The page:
How to Preserve Herbs
Herbs are irreplaceable in the kitchen. They are used to add special flavor to many meals, so it’s not surprising many people want to have their own supply of various herbs to use. The best thing to do it is by growing your own herbs.
Growing your own herbs is fun and relatively easy, so many people have herbs growing in their gardens. There is one major problem, though: herbs are not always easy to preserve for a long time. If you want to use your garden herbs at a later time and not when they’re fresh from the garden, it’s important to know how to preserve them.
It happens fairy often that your herbs do extremely well and produce a lot. This is a great joy for any gardener, but it also brings a problem on how to preserve all those herbs. Sure, you can use a lot in all of your meals and you can give some to family and friends, but you will still have too much. Chances are that you want to preserve those herbs for a later date.
Should Herbs Be Dried?
Drying herbs is one of the most common ways to preserve them. Many people choose to go this route, but it has numerous disadvantages.
Some of the most common problems with drying herbs include:
- It’s a time-consuming process. It just takes way too long to complete. Remember, ovens destroy the oils in the herbs, so they can’t be used for drying.
- The long drying process opens the opportunity for the air toxins to reach your herbs. Some of the most common ones include: cigarette smoke, hair spray and gas fymes.
- Herb drying takes a lot of space.
- Drying herbs is a bad choice for humid areas.
- There is a very high risk of mold.
- The last, but certainly not the least: dry herbs simply don’t taste as good as the fresh ones.
The problem with lost taste is a big one. You want to preserve herbs in such a way that will not make them tasteless.
Luckily, there is a great alternative to drying, and yes, it will make the herbs taste delicious: freezing! Freezing is a great way to preserve your herbs and use them whenever you want.
Tips for Picking and Freezing Your Herbs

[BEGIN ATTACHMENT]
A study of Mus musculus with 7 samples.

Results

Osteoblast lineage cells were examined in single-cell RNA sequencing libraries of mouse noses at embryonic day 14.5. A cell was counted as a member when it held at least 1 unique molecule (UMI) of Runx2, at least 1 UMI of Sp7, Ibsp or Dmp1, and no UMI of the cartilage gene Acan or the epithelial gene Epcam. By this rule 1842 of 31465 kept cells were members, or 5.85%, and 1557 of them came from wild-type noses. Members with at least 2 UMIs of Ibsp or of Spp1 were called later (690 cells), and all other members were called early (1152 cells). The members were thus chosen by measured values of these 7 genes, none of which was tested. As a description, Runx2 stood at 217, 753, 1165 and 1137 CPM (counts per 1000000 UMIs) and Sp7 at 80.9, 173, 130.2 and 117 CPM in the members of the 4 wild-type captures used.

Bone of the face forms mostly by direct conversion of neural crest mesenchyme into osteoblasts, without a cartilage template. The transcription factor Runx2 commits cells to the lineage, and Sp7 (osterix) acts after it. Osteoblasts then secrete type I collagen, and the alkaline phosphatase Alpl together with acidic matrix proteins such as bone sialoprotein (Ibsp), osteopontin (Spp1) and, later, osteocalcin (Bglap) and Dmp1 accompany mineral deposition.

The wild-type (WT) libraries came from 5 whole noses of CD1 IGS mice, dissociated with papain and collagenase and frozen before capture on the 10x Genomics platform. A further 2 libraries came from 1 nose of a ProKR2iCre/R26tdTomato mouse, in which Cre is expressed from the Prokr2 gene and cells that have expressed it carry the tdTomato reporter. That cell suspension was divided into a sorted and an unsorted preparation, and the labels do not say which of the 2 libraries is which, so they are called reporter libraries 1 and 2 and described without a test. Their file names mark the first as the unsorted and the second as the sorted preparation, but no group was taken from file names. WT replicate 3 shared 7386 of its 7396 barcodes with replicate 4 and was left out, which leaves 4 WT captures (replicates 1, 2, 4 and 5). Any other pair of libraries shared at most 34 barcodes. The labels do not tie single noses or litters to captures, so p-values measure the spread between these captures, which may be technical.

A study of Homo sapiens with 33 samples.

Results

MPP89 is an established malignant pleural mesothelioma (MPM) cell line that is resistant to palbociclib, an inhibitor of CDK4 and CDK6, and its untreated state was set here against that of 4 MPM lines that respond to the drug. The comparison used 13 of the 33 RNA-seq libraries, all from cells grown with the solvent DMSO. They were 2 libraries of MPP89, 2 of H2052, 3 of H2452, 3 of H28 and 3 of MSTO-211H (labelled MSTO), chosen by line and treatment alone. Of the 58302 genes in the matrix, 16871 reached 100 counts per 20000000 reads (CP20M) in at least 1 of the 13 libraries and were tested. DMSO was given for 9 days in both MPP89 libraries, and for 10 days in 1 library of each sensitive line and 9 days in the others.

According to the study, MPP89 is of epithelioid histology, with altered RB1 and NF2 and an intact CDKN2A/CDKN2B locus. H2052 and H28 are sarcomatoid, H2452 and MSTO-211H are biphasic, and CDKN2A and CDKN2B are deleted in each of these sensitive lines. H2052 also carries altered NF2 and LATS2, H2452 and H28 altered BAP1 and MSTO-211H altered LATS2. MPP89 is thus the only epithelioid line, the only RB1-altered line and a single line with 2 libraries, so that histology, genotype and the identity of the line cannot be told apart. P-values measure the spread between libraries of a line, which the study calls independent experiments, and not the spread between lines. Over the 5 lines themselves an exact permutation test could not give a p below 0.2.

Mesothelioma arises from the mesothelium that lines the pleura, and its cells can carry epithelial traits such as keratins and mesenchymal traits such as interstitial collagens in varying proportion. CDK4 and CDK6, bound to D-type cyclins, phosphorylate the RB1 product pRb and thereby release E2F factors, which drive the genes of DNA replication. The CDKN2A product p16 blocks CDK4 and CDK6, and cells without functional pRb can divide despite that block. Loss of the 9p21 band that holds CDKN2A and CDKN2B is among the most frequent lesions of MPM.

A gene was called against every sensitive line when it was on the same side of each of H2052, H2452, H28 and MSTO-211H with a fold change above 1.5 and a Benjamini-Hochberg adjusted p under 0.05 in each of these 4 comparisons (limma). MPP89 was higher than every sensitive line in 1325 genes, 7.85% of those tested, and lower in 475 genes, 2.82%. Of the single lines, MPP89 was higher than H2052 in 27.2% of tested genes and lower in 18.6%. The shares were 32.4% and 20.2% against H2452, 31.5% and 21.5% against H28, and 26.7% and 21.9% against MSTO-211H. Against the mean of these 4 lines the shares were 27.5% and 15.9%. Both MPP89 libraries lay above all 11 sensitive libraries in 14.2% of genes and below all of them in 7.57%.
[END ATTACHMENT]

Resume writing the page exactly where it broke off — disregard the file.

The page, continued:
Freezing is indeed a great way to preserve your herbs, but you need to know how to do it correctly and for the best results. The first thing you need to know is how to pick your herbs. Here are some tips that will ensure the best results:
- It’s important to pick the herbs early or mid in the morning. Wait until the dew has dried but before the sun is strong enough. The sun draws and disperses the oils on the herbs, and you don’t want that.
- Make sure to pick the herbs gently and to handle them as little as possible.
- Never pick herbs when they are damp (for example, after a heavy rain).
- Pick only as much as you can deal with at the moment. Don’t let the herbs pile up in your home.
- Make sure to always keep different herbs separate from each other.
The next thing you need to know is how to freeze your herbs properly. It’s not a complicated process, but it does require some steps.
Generally speaking, you have two options: flash and ice cube freezing. You may also try freezing herbs with oil, but it’s too complicated. Plus, freezing with water rather than oil is better when you simply want to take a cube and throw it in the meal. You may not want to add oil to the meal, such as a soup or a stew.
Flash freezing has several steps:
- Pick the best herbs you can find.
- Wash the herbs and pat them dry.
- Lay them on parchment paper on cookie sheet.
- Freeze the herbs overnight.
- Place the frozen herbs in freezer bags. Make sure to use a straw to suck out any excess air.
Alternatively, and depending on the herb in question, you may place the herbs in freezer zip lock bags. Freeze for a few days and after this remove the unwanted parts by crunching the bag. Collect the desired parts of the herb and place them in freezer bags. This method works surprisingly well for rosemary and thyme.
Cube freezing is a bit different. To freeze your herbs using the ice cube tray method, follow the instructions:
- Pick the best herbs you can find.
- Wash them and pat them dry.
- Chop them by hand or use food processor.
- Put the chopped pieces into ice cube trays. Will the trays with water of stock.
- Freeze the ice cube tray overnight. The ice cubes will form.
- Place the formed cubes in freezer bags. Use a straw to suck out any excess air.
Using one of the methods described above will make you freeze your herbs successfully and preserve them for a long time.